And it is those mistakes that the family of Yasmin Acree says cost precious time and effort in finding the teen. Thursday, the girl's family asked Chicago Police Superintendent Jody Weis to reclassify the case and have detectives investigating the Yasmin's disappearance, not treat her as a runaway, but as a missing person who was kidnapped.
Surrounded by supporters, Rose Starnes left Chicago Police Department headquarters Thursday afternoon still hoping her daughter will come home safe.
"Yasmin, if you can hear me, give me a call and let us know you are ok and alive," said Starnes.
Starnes and several West Side clergy had a nearly two-hour meeting with police superintendent Jody Weis, which comes as a sometimes frantic 20-month search for the girl continues and after a ruling by the CPD's internal affairs division that officers botched efforts to find Yasmin.
"She was instantly classified as a runaway. From our standpoint, runaways don't break locks, nor do they break doors," said Rev. Cy Fields, Leader's Network of West Side Clergy.
On January 15, 2008, the family of the then-15-year-old Austin Polytechnical Academy high school student says she went to the Austin YMCA before returning home later that evening. They say they last saw Yasmin doing laundry in the basement where her room was also located.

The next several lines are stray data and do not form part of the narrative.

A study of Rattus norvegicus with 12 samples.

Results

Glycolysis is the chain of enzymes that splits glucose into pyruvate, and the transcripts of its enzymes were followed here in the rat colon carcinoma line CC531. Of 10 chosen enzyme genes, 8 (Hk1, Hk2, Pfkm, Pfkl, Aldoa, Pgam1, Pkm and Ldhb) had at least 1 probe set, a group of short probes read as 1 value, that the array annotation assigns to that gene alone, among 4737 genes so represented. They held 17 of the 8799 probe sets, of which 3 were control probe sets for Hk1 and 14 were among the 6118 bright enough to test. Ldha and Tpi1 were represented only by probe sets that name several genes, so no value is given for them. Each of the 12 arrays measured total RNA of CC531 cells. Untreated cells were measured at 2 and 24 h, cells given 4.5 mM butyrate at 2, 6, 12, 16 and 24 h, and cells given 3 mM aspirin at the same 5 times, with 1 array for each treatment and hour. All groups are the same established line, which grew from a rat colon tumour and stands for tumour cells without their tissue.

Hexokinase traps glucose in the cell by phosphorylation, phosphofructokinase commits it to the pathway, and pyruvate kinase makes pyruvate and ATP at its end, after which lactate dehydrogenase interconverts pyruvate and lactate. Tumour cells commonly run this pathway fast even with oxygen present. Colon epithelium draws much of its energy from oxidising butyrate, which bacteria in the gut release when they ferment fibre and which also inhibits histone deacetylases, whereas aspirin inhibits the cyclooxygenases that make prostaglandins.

The next morning, Yasmin was gone -- the only clue to what happened was a broken lock and a damaged outside door.
"We don't know if this case could have had an earlier resolution that we don't have today," said Rev. Marshall Hatch, New Mt. Pilgrim Church.
The family remains concerned that the home wasn't treated like a crime scene and neither the door nor broken lock was dusted for fingerprints.
Thursday, Weis acknowledged that mistakes were made but still believes in the integrity of the investigation, and in a statement says: "This is the highest priority missing person case for Area 5 detectives. All of us share the family's desire to find Yasmin Acree".
Still, an outpouring of support from the community have brought few leads.
Yasmin's relative, the Reverend Ira Acree, maintains Yasmin was abducted and wants whoever has her to let her go.
"There's no apartment, no job, there has to be an adult somewhere harboring her," said Rev. Acree.
The pastors say Superintendent Weis did assure them, if warranted, the police officers involved would be disciplined for their mishandling of the case.
This week, the reward for information about the teen's disappearance was raised from $3,000 to $5,000.
The girl's family and friends are asking anyone with information about the whereabouts of Yasmin Acree to call (773) 745-6052.